Changes to The LCCP: 3 Changes We Expect To See
February 1, 2019
With the UK Gambling Commission launching the new LCCP in April, we are waiting in anticipation for the first draft which is due for release next month. This release will allow operators the chance to start preparing for the changes which many expect to see in relation to age verification – but what do we predict the changes will include?
1. REMOVAL OF THE 72-HOUR WINDOW
One of the main changes that we are anticipating is the removal of the 72-hour window that operators currently have to verify their players.
Allowing a 72-hour window before verification could mean that operators are currently permitting underage or fraudulent players to gamble for 72 hours before checking that they are actually who they say they are. Taking this window away before allowing customers to gamble would see a decrease in the number of underage and fraudulent customers, ensuring safe & responsible gambling.
One of the main reasons that the UKGC have made changes to the LCCP is to reduce the risk of gambling related harm and to prevent crime within the gambling industry. To ensure that gambling remains fair and safe, age verification methods should be at the forefront of an operator’s mind – how can they make sure their methods are inexpensive and frictionless but also providing accurate decisions?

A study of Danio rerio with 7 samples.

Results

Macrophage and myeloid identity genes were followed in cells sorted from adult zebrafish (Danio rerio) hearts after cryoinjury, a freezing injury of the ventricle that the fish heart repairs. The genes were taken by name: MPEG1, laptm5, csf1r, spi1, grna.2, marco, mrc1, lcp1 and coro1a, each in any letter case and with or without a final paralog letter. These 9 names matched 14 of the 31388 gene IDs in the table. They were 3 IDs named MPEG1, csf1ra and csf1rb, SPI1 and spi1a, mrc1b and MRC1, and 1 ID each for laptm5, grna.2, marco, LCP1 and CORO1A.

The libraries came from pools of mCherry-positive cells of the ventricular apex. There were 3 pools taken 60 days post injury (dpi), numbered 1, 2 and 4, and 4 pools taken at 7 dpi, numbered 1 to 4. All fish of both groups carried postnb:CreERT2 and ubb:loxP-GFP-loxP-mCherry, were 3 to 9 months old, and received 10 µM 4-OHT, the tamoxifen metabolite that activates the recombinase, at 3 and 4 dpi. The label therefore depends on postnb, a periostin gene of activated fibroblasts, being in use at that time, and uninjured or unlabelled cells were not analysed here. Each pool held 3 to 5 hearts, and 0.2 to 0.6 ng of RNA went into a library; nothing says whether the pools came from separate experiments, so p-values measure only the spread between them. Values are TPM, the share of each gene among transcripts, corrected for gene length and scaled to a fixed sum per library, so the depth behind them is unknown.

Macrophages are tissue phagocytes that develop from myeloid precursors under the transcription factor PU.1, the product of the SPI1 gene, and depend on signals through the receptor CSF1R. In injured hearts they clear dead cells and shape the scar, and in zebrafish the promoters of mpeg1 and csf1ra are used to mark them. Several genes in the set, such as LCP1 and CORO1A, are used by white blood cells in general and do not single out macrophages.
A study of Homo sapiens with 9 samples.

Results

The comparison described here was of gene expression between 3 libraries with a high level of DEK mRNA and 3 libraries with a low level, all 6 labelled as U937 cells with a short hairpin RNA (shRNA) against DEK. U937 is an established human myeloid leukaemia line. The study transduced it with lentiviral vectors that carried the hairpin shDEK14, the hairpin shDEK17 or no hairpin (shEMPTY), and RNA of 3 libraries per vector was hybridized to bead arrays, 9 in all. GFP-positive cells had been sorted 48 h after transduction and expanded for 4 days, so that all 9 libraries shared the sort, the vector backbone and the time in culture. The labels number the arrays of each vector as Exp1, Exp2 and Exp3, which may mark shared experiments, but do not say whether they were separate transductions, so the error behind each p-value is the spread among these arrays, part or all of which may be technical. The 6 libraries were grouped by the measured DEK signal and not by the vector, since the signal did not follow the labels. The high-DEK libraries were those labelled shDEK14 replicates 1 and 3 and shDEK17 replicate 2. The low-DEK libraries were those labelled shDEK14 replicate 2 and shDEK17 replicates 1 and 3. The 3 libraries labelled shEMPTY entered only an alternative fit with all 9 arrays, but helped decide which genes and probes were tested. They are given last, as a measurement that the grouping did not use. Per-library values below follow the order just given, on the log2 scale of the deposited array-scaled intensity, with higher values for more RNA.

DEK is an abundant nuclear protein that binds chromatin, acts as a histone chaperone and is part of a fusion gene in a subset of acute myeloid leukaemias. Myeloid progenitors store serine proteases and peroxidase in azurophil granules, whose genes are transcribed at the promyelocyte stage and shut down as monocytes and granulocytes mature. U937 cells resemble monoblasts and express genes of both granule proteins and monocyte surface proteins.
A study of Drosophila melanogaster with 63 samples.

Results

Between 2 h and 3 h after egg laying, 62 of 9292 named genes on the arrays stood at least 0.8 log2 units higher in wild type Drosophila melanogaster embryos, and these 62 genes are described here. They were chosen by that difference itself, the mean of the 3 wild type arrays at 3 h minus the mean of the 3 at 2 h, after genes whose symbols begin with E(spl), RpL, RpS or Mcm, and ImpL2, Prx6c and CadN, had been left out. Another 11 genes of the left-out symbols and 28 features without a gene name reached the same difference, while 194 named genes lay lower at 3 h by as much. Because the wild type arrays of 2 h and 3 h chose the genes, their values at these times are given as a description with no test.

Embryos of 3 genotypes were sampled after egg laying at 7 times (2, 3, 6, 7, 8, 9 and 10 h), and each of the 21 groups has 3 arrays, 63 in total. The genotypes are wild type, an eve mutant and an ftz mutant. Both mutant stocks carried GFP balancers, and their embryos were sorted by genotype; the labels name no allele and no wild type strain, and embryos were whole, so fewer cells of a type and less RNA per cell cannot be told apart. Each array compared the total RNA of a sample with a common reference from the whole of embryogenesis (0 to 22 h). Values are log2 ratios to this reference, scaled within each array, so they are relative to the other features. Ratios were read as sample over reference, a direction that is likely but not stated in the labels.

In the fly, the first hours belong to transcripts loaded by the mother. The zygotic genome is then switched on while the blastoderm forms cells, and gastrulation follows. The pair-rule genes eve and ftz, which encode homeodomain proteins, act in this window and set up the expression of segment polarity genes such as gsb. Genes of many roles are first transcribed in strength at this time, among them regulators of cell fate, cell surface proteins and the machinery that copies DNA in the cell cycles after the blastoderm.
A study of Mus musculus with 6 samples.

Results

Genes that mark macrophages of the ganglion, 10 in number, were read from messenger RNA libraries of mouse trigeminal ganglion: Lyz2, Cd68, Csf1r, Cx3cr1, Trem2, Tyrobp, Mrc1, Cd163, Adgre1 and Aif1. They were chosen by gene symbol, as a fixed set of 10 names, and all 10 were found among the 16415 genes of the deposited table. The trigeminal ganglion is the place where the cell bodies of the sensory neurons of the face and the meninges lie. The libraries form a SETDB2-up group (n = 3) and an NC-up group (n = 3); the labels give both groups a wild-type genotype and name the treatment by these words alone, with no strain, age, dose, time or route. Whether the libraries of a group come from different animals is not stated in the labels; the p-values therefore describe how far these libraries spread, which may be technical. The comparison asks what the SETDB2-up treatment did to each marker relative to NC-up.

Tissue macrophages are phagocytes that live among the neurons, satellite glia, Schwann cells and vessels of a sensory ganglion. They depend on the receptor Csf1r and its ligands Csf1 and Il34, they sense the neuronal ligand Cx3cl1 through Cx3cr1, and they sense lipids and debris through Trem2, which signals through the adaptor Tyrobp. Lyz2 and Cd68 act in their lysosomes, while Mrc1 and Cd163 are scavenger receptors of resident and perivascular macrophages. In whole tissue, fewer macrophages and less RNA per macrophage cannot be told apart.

2. KNOW YOUR CUSTOMERS
We are expecting to see changes in the way that identity verification is carried out across the industry, and the level of KYC checks performed on each customer.
As mentioned in my previous blog (which can be found here), the gambling industry should be asking themselves whether traditional methods of verification are providing true confidence in verifying a customer’s age, or are these methods becoming outdated? Operators need to be confident that they are dealing with a real person, that they are over the age of 18, that they are residing in the UK, and most importantly, is the person at the end of the device that they are declaring themselves to be.
Operators should be looking at implementing robust and cutting-edge methods of verification to carry out their identity checks. Acuant Identity’s Alternative and Social Data is cutting-edge and allows operators to embrace technological advances that provide an inexpensive, frictionless and vigorous solution to their identity and age verification obligations.
All of the above links back to the overall goal of the consultation: focusing on the end result.
3. FOCUS ON THE END RESULT
The end result for operators is knowing who they are dealing with conclusively.
The changes in the regulations and focusing on the end result will remove ‘prescriptive’ wording and put the power back in to the operators’ hands to truly know who they are interacting with.
There are three main areas that we are expecting to change with the new regulations in April, all of which relate back to the same question – do operators truly know who they are interacting with?
With the last updates to the LCCP taking place back in 2007, we are expecting some significant changes to happen… let’s wait and see what the first draft includes which is due for release in early February.
The Acuant team will be exhibiting at ICE London 5-7 February.